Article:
Inside UNDP: Lionel Laurens
19 Jan 2015 by Lionel Laurens, Ebola Virus Disease Immediate Response Coordinator, UNDP, Sierra Leone
Lionel Laurens, from France, is a development practitioner who has worked for UNDP for 10 years. He’s driven by a desire to contribute to a more equal world by working with people to be in control of their own development in their own environment.
1. What do you do for work?
I’m currently the Ebola Virus Disease (EVD) Immediate Response Coordinator for UNDP in Sierra Leone. I help reprioritize our activities in innovative ways to respond to the crisis by reaching out to the most marginalized and vulnerable groups in society and creating partnerships with these groups to raise their awareness of Ebola and adopt safe behaviours.
2. Where were you before?
I started working for UNDP in Lao PDR with the National Rural Development Programme. After that I worked in Afghanistan managing the National ABD Programme and in Iraq, first managing the Local ABD Programme, and then a sub-cluster of programmes covering poverty reduction and MDGs, essential service delivery, inclusive growth and private sector development.
3. What types of assignments do you do most frequently?
I spend a lot of my time working with programme teams, government counterparts, communities and other key stakeholders to develop a shared vision, formulate strategies and interventions and turn these into effective programmes that can be delivered on the ground. What I most enjoy is working closely with people to respond to their real needs and constantly adapt and adjust as situations change.
In Iraq, for example, we identified a mismatch between the places with the highest levels of poverty and those where UNDP already was implementing programmes, which led to new programmes in 4 provinces.
In Sierra Leone, we reprogrammed UNDP’s existing programmes and relationships to target vulnerable populations and those not yet reached by Ebola prevention activities. Working with partner NGOs, civil society and government, we trained volunteers to assist in awareness campaigns and security personal to coordinate emergency measures and avoid potential conflict. (Read more about our Ebola work here.)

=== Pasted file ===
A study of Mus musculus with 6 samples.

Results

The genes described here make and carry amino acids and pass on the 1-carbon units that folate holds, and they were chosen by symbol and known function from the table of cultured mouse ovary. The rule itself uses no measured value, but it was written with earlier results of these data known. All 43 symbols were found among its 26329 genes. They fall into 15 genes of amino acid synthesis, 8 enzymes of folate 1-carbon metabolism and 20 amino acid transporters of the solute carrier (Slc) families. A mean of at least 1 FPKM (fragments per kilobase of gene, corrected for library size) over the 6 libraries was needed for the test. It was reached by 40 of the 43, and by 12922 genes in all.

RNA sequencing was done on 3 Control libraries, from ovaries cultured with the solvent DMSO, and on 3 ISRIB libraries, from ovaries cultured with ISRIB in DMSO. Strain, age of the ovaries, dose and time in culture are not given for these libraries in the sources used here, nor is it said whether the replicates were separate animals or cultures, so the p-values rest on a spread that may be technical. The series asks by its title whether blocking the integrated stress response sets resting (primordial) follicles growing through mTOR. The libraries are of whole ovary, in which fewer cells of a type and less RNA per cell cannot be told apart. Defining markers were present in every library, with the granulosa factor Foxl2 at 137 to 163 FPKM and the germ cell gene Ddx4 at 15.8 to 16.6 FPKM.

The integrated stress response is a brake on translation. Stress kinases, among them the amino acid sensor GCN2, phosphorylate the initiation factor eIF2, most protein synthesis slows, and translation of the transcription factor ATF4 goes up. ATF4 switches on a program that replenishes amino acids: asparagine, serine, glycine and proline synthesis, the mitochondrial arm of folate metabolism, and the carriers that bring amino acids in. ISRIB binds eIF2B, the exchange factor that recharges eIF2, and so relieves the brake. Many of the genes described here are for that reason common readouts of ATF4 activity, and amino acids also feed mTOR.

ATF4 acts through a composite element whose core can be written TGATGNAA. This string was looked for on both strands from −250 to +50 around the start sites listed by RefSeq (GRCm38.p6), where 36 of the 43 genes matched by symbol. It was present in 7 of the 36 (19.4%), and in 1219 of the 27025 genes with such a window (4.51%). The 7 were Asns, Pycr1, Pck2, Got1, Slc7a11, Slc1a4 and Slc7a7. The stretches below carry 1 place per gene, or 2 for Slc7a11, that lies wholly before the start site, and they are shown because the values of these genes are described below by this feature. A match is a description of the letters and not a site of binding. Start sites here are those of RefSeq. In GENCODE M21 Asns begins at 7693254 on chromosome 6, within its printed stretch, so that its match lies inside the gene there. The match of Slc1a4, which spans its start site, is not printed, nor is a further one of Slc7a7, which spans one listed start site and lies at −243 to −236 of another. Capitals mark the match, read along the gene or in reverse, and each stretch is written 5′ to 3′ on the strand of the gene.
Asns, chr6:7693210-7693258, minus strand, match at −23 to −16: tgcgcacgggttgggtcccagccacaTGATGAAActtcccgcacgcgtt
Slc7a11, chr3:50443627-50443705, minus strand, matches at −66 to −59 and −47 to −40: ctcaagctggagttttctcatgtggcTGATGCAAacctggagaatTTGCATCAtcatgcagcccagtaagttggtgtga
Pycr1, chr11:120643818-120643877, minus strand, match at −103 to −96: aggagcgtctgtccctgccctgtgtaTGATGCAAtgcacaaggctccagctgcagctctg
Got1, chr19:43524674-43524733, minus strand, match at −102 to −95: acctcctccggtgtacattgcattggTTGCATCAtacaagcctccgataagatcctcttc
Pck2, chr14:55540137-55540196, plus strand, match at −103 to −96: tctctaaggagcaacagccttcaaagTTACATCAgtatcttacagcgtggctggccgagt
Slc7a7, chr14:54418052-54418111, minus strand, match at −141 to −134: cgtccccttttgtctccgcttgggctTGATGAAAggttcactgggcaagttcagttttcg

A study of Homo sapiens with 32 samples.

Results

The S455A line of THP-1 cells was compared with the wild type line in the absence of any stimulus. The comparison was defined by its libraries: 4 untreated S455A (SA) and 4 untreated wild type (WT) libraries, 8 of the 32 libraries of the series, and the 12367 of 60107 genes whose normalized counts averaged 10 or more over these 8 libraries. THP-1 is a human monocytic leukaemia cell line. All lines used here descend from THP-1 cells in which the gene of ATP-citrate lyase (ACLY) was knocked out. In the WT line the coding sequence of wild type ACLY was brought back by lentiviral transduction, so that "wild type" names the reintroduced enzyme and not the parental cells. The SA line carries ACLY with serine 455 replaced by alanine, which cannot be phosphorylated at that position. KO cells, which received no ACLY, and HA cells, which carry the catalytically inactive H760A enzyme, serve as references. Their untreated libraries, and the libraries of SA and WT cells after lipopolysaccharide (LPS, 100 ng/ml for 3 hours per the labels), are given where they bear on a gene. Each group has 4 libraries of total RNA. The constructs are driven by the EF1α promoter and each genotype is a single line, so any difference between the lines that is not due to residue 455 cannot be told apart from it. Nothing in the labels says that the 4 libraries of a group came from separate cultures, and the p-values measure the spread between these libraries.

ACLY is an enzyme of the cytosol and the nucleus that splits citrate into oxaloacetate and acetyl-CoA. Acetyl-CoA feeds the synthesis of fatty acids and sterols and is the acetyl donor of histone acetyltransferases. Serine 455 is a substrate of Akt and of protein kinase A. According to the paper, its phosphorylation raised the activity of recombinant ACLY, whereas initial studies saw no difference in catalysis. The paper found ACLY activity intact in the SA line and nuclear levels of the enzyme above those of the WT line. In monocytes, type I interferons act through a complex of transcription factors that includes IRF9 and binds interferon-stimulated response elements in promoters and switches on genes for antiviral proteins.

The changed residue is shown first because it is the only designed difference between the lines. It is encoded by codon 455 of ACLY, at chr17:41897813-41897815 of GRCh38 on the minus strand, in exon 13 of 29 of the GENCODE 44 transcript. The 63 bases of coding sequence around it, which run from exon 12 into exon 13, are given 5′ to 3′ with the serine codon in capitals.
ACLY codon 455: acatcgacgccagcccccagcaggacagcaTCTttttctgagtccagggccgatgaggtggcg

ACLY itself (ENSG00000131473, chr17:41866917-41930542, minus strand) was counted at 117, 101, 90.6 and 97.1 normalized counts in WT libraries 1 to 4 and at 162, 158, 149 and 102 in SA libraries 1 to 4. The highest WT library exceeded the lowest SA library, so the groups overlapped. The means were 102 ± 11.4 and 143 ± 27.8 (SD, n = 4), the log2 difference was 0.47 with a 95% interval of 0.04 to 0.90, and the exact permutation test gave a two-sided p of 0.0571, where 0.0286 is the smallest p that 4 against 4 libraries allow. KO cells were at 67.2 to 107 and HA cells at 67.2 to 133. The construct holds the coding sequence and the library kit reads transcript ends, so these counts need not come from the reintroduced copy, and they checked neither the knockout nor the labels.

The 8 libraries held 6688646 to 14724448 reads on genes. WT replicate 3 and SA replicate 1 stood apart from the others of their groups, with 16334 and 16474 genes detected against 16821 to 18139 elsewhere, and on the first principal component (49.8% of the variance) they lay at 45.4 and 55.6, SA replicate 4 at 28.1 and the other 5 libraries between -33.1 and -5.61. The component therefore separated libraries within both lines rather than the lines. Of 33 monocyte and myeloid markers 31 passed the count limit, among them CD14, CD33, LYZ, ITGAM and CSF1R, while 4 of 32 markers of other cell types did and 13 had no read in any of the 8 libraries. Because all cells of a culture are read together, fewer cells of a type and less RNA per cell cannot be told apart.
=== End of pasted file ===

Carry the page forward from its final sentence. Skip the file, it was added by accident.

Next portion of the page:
I also develop partnerships between UNDP and the Private Sector to co-create programmes that benefit both parties. In Iraq, we developed a partnership with the Shell Oil Company to engage communities in the areas where Shell has gas and petroleum extraction operations. The aim of the partnership was to support local development by integrating more local businesses in Shell’s supply chain and funding social interventions important to local communities and supported by local government.
Shell contributed US$6M for community and small-enterprise development, and a further US$8M for the construction of a vocational training facility to train the local workforce in specialized welding skills.
4. What are your favorite things about working for UNDP?
Values, teamwork and the challenges of ensuring delivery and constantly adapting to change. I have a lot of experience turning difficult projects into effective projects, and I love these challenges because they mobilise all my capacities and those of my team. It means getting everyone to make decisions together and bringing everyone on board so that all stakeholders feel that the project is working for them and they are driving the process to make it succeed because they care about it.
5. What are the challenges of working and living in your duty station?
When Ebola reached the capital, Freetown, everybody was very scared – including all of us in the UNDP office and our programme partners. It was very hard for any of us to work when we felt frightened and powerless in the face of the disease. At the same time I could see that many of my colleagues felt strongly that we shouldn’t be bystanders and that we needed to find a way to play a positive role. It was this deep commitment of the staff that enabled us to confront our fear and to harness our desire to help into a strong collective effort to do something positive.
6. Three things on your work wishlist?
- Increase my experience in a senior leadership role. I see the Deputy Country Director/Deputy Resident Representative positions as a fantastic opportunity to influence the strategic positioning of UNDP in a particular country and build a strong team that can meet the challenges and deliver on UNDP’s commitments.
- Explore all aspects of sustainability in a more daring way. We need to think more widely about models of development that put the sustainability of people, planet and profit (economic growth) at the core and avoid the mistakes of intensive resource depletion and short term consumerism that are now creating so many problems in the North.
- Have a delivery machinery with the flexibility to gear up to meet new challenges as they arise. This means being able to attract and retain the right people at the right time, and to develop long term agreements with partners that allow us to procure goods and services, and link with relevant research when and where they are needed.